The must-read stories and debate in health policy and leadership.

The Department of Health and Social Care has extended the powers it gave NHS England over clinical commissioning groups from the end of this year to 31 March 2021. 

The powers allow NHS England to respond to coronavirus as it “deems appropriate”, but a statement on the DHSC’s website said they were likely to be used for the commissioning of non-NHS providers.

The move coincides with NHSE’s decision to continue with some centralised private sector deals for another three months which aims to provide a “smooth transition” to longer-term contracting arrangements. This week, Spire Healthcare Group, one of the large providers involved in discussion with NHSE, issued a statement confirming a new three-month deal had been struck.

The extension also fits with the timeline for the whole of England to become integrated care systems by April 2021. It is not yet clear how ICSs will commission care in the financial year 2021-22 as CCGs are slowly phased out, although one suggestion has been that come April 2021 ICSs may be asked to commission all independent sector care centrally for their whole system.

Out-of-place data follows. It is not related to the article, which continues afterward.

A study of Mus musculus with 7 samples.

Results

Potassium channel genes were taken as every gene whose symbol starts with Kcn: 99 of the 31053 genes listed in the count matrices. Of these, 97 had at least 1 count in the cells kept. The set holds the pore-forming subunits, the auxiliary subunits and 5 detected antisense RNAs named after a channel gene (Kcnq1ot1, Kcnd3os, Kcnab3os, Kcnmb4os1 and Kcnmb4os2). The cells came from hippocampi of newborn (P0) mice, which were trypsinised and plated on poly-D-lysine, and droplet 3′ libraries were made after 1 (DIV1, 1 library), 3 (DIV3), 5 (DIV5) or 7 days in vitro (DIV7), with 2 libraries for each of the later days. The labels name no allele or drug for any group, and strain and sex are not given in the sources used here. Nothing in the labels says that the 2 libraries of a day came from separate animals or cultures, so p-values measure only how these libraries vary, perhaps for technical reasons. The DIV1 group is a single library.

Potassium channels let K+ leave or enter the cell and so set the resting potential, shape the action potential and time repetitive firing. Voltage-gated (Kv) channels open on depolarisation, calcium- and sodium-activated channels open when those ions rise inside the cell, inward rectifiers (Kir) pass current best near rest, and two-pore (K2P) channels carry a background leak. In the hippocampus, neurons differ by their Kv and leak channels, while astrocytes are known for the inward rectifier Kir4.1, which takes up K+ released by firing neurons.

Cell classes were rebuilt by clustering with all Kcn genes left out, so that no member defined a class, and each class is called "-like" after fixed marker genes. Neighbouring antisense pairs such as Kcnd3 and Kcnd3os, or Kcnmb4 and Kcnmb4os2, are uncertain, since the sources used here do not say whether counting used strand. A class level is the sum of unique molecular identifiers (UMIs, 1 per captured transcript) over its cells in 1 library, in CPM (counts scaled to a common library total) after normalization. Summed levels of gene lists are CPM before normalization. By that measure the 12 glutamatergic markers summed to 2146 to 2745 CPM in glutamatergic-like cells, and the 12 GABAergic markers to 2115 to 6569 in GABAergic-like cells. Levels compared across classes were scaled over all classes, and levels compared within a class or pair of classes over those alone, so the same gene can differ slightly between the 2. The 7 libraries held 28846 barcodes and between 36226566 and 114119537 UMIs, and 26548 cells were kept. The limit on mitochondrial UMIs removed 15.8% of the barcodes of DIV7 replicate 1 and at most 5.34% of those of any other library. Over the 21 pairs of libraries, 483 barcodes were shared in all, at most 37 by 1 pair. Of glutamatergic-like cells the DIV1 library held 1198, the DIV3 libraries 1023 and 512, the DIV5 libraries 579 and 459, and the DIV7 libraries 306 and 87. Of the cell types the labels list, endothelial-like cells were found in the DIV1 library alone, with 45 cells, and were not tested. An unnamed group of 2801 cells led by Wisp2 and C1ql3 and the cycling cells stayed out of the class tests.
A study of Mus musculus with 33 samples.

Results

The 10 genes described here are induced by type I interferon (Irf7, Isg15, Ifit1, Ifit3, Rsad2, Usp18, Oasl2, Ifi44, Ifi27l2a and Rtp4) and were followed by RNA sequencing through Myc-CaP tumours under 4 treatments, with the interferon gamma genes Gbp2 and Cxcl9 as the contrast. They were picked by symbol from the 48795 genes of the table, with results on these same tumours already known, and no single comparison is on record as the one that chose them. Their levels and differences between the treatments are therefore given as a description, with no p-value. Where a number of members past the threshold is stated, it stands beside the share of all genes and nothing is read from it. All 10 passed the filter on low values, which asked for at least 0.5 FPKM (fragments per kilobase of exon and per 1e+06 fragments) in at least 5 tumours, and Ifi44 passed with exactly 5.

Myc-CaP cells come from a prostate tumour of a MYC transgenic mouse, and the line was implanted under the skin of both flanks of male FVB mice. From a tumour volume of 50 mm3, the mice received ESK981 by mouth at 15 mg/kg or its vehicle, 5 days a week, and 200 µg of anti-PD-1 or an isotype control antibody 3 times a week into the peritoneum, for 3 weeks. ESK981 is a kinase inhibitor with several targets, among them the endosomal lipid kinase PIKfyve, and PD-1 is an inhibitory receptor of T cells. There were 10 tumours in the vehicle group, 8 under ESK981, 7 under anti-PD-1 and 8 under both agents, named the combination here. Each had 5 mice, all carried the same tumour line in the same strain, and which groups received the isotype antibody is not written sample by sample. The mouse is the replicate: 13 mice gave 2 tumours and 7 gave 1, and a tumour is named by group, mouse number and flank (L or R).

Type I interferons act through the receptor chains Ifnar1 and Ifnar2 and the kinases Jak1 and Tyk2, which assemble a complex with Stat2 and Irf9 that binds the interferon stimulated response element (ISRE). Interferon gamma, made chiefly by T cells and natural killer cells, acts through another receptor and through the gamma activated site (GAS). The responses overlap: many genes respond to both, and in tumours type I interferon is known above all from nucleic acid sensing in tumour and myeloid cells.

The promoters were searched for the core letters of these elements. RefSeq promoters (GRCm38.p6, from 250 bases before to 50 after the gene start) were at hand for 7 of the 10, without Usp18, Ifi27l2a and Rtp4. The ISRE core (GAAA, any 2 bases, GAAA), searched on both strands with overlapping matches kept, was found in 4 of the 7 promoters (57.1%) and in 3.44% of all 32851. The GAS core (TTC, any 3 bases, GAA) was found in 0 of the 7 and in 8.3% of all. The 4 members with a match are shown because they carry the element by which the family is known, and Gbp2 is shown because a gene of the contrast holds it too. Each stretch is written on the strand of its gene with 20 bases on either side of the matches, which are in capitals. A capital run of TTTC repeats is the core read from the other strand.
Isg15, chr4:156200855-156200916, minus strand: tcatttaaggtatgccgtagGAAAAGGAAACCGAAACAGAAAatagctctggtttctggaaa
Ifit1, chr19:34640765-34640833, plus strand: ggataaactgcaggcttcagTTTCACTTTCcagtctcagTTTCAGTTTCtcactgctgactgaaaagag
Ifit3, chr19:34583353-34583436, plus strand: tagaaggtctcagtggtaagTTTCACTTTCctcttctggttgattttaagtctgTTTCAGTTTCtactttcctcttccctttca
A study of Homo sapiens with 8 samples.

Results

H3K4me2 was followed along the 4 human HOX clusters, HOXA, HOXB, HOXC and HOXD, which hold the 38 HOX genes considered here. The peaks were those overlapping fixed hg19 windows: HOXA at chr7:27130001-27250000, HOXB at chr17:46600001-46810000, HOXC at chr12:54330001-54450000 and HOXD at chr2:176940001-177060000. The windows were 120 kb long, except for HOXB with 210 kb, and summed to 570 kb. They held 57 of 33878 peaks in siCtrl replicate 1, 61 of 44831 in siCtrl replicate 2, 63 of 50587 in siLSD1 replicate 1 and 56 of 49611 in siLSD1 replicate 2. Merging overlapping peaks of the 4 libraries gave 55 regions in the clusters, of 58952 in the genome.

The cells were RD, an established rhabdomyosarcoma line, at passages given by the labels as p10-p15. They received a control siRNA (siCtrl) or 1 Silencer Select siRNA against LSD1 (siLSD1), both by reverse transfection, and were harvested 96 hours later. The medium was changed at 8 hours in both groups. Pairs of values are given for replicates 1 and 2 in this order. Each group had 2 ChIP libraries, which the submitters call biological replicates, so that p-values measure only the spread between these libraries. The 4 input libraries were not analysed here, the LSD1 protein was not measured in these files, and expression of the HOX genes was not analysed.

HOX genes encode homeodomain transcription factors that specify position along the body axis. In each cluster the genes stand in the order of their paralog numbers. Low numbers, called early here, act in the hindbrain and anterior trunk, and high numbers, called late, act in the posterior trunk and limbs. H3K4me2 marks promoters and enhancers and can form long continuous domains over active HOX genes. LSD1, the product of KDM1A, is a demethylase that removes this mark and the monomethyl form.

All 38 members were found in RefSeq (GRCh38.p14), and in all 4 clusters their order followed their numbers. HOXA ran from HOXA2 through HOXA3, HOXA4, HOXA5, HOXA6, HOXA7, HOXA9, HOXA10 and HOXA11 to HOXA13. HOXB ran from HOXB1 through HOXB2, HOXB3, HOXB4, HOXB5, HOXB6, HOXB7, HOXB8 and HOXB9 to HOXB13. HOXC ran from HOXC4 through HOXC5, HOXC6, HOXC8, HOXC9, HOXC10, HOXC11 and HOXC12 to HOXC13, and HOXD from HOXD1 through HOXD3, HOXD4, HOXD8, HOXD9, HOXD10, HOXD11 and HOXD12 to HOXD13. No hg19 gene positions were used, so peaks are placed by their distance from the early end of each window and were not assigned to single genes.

Pharma deal under fire

Multiple failings have been identified in how a leading cancer trust entered into a £20m research partnership with a large pharmaceutical company, and how bosses then reacted to concerns raised by staff.

A draft investigation report into the issues at the Christie Foundation Trust, obtained by HSJ, details a series of problems with the leadership of the research and innovation department, as well as failures by the board of directors.

The report, which was commissioned by the trust and is marked “confidential”, looked at multiple staff concerns around a research deal that was announced with pharma giant Roche and two of its subsidiaries.

It accuses managers, executives and the trust board of an “underlying systemic failure” to implement recommendations from two previous reports.